The Dow Jones Industrial Average (DJINDICES:^DJI) continues to climb higher, up 0.45% in midafternoon trading. Investors were happy to see that Americans' personal spending rose 0.5% in November from October -- the fastest pace since June. Consumer spending is a key driver of the U.S. economy; it represents two-thirds of demand, giving investors confidence in our economy's strengthening momentum. Consumer spending on durable goods, which are big-ticket items that last longer than three years, was even stronger -- climbing 1.9% in November. That bodes well for Boeing (NYSE:BA), one of the Dow's highest-weighted components.
Boeing's had an excellent year, up 82% in 2013 alone, and the aviation giant continues to make headlines. Boeing's next-generation 777X airplane dominated sales last month at the Dubai Airshow last month, and on Friday the company announced that Cathay Pacific agreed to purchase 21 777-9X airplanes. The order is valued at more than $7 billion and makes the airline the first Asia customer to purchase the airplane. The 777X offers cash-strapped airlines improved payload range while reducing operating costs and will continue to be a big driver of Boeing's growth.
In other Boeing news, unionized machinists will vote on the company's latest proposed contract on Jan. 3. The 777 is manufactured its Everett, Wash., plant, and Boeing will guarantee the facility receives production of the 777X if the workers accept a new proposal that will replace their pension plan with a 401(k)-style savings account. Union members voted 2-1 against an earlier offer in November, but Boeing has made large concessions, including a larger signing bonus, in a new proposal said to "contain significant improvements."
An agreement between Boeing and the union would be a big win for investors, as a large uncertainty would be removed. Failure to reach a deal leaves the possibility of Boeing taking 777X production elsewhere, where it risks a less experienced workforce and thus likely production problems and delays that could weigh down the company's stock.
Outside the Dow Jones, Ford (NYSE:F) is beginning to gear up for next month's North American International Auto Show in Detroit. Ford already unveiled one of its most anticipated vehicles to be launched next year, the 2015 Mustang, but the company is likely to roll out the latest version of its most important and profitable vehicle in Detroit: the 2015 F-150 full-size pickup truck.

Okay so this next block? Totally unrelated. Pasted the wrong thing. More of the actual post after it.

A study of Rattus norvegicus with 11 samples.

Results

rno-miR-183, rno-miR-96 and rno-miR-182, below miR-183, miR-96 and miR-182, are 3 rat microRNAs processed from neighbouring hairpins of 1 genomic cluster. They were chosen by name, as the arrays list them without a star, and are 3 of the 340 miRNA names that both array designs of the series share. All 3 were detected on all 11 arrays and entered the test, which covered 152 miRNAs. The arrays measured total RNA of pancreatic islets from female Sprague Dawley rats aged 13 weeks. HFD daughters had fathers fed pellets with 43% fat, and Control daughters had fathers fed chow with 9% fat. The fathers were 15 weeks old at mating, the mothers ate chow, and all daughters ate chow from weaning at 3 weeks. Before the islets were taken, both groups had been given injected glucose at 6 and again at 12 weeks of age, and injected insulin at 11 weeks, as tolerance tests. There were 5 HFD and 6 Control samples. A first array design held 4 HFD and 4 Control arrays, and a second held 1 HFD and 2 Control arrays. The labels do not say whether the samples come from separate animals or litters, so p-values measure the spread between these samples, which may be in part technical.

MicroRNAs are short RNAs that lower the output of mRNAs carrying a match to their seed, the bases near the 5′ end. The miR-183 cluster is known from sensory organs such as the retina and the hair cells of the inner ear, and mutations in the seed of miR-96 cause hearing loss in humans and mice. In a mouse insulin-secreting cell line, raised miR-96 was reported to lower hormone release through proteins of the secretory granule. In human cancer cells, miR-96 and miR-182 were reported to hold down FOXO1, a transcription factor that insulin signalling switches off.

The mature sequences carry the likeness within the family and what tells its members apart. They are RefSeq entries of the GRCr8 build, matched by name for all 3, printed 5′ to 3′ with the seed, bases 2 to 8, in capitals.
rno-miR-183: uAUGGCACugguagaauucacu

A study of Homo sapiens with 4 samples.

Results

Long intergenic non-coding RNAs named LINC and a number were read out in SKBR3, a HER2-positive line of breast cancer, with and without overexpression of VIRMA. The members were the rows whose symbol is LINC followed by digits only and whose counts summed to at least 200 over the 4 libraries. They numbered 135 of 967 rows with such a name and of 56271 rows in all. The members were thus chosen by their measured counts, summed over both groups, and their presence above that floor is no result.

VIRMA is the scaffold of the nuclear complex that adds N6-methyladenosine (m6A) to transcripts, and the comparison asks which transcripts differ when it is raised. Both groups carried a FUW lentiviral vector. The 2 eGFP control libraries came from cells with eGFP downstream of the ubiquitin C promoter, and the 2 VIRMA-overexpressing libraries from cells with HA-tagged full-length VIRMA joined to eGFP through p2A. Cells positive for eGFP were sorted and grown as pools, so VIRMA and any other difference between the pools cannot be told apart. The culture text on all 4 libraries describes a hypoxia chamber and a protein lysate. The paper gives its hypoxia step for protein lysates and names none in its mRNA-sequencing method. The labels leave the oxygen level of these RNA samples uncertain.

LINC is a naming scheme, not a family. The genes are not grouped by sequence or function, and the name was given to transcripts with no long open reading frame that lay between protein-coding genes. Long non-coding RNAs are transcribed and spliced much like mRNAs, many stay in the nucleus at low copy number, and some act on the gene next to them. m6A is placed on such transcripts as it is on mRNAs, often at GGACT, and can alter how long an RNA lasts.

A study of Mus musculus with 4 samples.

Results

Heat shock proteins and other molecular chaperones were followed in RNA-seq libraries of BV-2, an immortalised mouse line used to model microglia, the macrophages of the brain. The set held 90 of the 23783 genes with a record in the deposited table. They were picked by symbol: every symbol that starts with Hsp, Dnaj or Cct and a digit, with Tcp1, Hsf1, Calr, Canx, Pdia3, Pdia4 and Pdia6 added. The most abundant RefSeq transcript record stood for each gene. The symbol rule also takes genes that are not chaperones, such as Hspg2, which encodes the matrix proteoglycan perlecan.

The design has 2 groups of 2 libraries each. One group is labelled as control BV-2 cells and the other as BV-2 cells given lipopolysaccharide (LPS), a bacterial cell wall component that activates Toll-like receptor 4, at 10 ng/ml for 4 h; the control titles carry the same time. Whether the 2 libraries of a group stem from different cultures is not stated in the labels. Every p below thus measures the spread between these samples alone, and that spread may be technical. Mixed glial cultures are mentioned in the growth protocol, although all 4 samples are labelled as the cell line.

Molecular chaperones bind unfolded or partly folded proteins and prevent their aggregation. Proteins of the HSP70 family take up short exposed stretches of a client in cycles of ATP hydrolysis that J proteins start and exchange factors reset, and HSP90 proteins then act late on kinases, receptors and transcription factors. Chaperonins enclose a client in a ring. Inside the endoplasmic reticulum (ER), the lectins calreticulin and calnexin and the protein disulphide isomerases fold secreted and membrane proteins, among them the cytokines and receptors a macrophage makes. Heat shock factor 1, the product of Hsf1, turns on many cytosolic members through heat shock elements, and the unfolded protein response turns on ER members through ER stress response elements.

"This is already the most significant debut at the auto show," Joe Langley, a production analyst for researcher IHS Automotive, told Bloomberg in an interview. "Everybody's going to be dissecting that thing for a long time, especially since Ford will be taking such a big gamble.
That big gamble is Ford's pledge to take as much as 750 pounds out of its next-generation trucks to help meet fuel-economy regulations. It's a big risk for multiple reasons. One, Ford's marketing team will have to convince loyal truck buyers that replacing steel with a lighter aluminum won't alter the truck's performance or "toughness." Second, moving to aluminum will likely require changes to how Ford assembles the product.
Sales of Ford's F-Series trucks are up nearly 20% this year, even as the automaker's main competition has unleashed new designs. Ford will need to make sure the F-150 launch goes as smoothly as possible, and this will be a key factor for investors to watch in 2014. Inventories of older F-Series models must remain at appropriate levels or Ford will be forced to dish out heavy incentives to move those vehicles off dealers' lots -- a move that would hurt Ford's profits immediately. This has been an excellent year for Ford, one of its best in history, and if the Mustang and F-150 launches go smooth next year, 2014 could be better than its lower guidance anticipates.
Fool contributor Daniel Miller owns shares of Ford. The Motley Fool recommends Ford. The Motley Fool owns shares of Ford. Try any of our Foolish newsletter services free for 30 days. We Fools may not all hold the same opinions, but we all believe that considering a diverse range of insights makes us better investors. The Motley Fool has a disclosure policy.